Advances in Aerospace TechnologyKUSIC AND KUSIC
Innovations in aerospace technologies have succeeded former feats in capacity, speed and capabilities and are being used for everything from transportation and recreation to killing machines.
Advanced military drone
The BAE Systems Taransis, based in the UK, is an unmanned combat drone. It’s as fast as a fighter jet, and is able to hit its target, with precision, from long distances. It can engage in aerial combat and air-to-ground missions.
Although the company website states that during an attack a “human operator [is kept] in the loop,” it remains a concern whether this technology will have partial or complete artificial intelligence capabilities in the future. This brings to life sci-fi images of killer drones that can destroy humankind.
Martin Jetpack is a personal flying jetpack that’s reminiscent of The Jetsons’ solo flight machine. It was the first single-pilot jetpack to fly more than 150 feet above sea level, soaring to 8,000 feet at 63 miles per hour.
It’s also the first jetpack to be able to fire a parachute, which is an important safety feature in case the engine fails.
It has potential for future recreation and transportation purposes.
Mach 5 flight
The Boeing WaveRider is an experimental aircraft that is able to reach hypersonic speeds of Mach 5, which is more than one mile per second. It’s able to effectively switch from ethylene fuel to liquid jet fuel. The ethane fuel ignites more easily and the liquid jet fuel can be stored at higher quantities.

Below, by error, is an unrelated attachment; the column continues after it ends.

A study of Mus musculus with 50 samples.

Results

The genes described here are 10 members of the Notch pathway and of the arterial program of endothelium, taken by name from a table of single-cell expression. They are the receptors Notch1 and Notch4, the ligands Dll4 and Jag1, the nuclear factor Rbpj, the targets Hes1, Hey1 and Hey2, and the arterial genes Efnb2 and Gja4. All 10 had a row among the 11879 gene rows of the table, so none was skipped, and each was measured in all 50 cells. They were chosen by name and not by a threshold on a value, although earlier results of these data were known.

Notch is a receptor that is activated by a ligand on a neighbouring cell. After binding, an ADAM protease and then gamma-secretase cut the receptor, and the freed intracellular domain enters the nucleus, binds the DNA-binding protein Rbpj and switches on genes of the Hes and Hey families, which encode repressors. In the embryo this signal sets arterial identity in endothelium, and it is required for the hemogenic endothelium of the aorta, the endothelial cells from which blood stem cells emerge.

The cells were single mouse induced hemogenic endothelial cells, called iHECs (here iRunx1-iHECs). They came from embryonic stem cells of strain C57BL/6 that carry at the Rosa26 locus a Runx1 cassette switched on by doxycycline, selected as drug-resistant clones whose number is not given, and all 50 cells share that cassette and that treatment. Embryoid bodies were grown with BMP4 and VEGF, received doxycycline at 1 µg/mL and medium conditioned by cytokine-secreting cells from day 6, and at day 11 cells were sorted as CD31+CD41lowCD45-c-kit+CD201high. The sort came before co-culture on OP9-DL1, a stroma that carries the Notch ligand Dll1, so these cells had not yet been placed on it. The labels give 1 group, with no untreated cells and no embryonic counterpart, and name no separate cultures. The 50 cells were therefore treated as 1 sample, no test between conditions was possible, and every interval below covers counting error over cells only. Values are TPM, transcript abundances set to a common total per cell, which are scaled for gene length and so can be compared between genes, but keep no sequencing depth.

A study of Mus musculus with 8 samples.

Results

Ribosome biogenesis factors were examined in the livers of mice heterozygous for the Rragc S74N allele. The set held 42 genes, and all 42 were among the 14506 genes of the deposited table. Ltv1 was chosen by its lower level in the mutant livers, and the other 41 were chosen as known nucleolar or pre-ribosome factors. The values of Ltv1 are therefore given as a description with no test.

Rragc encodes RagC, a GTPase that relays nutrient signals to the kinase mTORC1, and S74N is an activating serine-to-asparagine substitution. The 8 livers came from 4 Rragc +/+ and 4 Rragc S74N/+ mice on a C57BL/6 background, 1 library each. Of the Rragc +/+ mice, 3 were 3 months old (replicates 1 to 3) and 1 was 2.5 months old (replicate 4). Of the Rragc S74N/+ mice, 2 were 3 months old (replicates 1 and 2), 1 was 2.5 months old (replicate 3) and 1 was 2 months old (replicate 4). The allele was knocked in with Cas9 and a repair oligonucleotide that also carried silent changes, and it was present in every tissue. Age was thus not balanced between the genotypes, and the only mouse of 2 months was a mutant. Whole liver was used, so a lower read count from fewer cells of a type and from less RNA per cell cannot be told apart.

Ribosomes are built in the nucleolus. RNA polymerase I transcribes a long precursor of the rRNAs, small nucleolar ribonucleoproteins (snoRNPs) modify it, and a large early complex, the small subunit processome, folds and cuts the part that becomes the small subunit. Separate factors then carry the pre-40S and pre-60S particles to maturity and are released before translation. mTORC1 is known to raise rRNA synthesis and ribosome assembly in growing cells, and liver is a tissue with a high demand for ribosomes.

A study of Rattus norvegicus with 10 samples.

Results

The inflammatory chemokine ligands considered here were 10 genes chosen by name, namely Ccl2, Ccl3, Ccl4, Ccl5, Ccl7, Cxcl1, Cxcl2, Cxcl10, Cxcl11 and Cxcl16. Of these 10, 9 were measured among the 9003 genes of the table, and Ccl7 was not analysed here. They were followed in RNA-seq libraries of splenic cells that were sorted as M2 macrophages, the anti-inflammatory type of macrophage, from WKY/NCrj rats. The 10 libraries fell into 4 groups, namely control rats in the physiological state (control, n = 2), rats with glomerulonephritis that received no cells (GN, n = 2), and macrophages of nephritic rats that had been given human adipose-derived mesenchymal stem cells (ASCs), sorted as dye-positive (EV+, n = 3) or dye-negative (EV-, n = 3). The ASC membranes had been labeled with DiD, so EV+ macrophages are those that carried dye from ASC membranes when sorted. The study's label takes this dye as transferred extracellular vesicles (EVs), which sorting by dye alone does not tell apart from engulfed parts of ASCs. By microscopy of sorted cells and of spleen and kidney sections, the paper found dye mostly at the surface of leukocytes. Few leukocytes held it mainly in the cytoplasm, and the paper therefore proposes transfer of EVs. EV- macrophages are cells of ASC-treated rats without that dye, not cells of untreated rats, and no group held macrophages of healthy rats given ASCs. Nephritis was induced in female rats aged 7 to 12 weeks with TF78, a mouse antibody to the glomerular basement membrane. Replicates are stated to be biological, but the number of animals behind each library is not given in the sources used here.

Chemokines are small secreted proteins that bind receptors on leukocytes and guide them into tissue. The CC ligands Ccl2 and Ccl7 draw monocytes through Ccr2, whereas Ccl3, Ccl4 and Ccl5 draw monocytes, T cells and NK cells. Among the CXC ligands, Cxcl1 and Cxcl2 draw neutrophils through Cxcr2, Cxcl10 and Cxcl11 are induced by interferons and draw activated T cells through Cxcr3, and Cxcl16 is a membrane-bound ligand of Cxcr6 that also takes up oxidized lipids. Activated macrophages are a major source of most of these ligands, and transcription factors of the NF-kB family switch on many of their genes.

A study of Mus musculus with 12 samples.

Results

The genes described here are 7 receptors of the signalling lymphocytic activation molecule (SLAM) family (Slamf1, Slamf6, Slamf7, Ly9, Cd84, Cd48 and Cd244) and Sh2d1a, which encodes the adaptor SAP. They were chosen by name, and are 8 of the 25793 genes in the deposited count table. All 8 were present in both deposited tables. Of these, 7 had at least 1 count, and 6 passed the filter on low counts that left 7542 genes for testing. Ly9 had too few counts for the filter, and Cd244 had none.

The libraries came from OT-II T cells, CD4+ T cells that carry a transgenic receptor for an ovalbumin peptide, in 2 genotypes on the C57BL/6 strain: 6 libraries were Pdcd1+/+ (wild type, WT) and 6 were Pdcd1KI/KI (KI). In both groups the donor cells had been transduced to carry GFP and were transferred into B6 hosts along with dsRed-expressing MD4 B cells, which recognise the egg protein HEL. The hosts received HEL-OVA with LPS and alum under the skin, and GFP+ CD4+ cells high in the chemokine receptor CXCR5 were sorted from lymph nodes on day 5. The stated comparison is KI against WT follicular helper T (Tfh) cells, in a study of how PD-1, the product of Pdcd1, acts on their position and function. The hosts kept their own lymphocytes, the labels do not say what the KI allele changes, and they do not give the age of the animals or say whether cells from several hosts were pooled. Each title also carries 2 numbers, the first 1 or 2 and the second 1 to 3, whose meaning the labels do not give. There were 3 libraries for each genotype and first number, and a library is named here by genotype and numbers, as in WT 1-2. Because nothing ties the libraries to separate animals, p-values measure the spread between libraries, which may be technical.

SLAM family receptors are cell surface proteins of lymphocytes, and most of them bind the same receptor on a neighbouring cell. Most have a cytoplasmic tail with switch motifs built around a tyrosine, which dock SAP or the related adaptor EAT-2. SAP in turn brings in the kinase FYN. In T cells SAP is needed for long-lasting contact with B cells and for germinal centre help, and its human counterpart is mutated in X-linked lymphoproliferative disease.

The aircraft flew for six minutes surpassing its former 2010 flight time of 143 seconds. It is being tested for military purposes as a missile launcher.
Laser Weapon System
Kratos Defense and Security, that was given $11 million to support the US Navy, has created a Laser Weapon System (LaWS). It’s essentially a weapon used to destroy drones. It fires directed energy weapons at drone sensors to damage their electronics.
The LaWS has an advantage over projectile weapons because it costs less than a dollar per shot, and does not require extensive handling, storage facilities and maintenance.
It’s estimated to be ready for use by 2014.
NASA Chamber A
Johnson Space Center’s Chamber A is a 90-foot high and 55-foot wide thermal-vacuum chamber that controls the radiative thermal environment. It’s known for testing the Apollo spacecraft and has been upgraded to test the James Webb Space Telescope.
It allows for test scenarios where flight crew can transition from ambient air pressure to the thermal-vacuum environment and back. The chamber is able to test entire space vehicles under a simulated space environment that is capable of reaching 11 Kelvin, which is the equivalent of the coldest place on earth.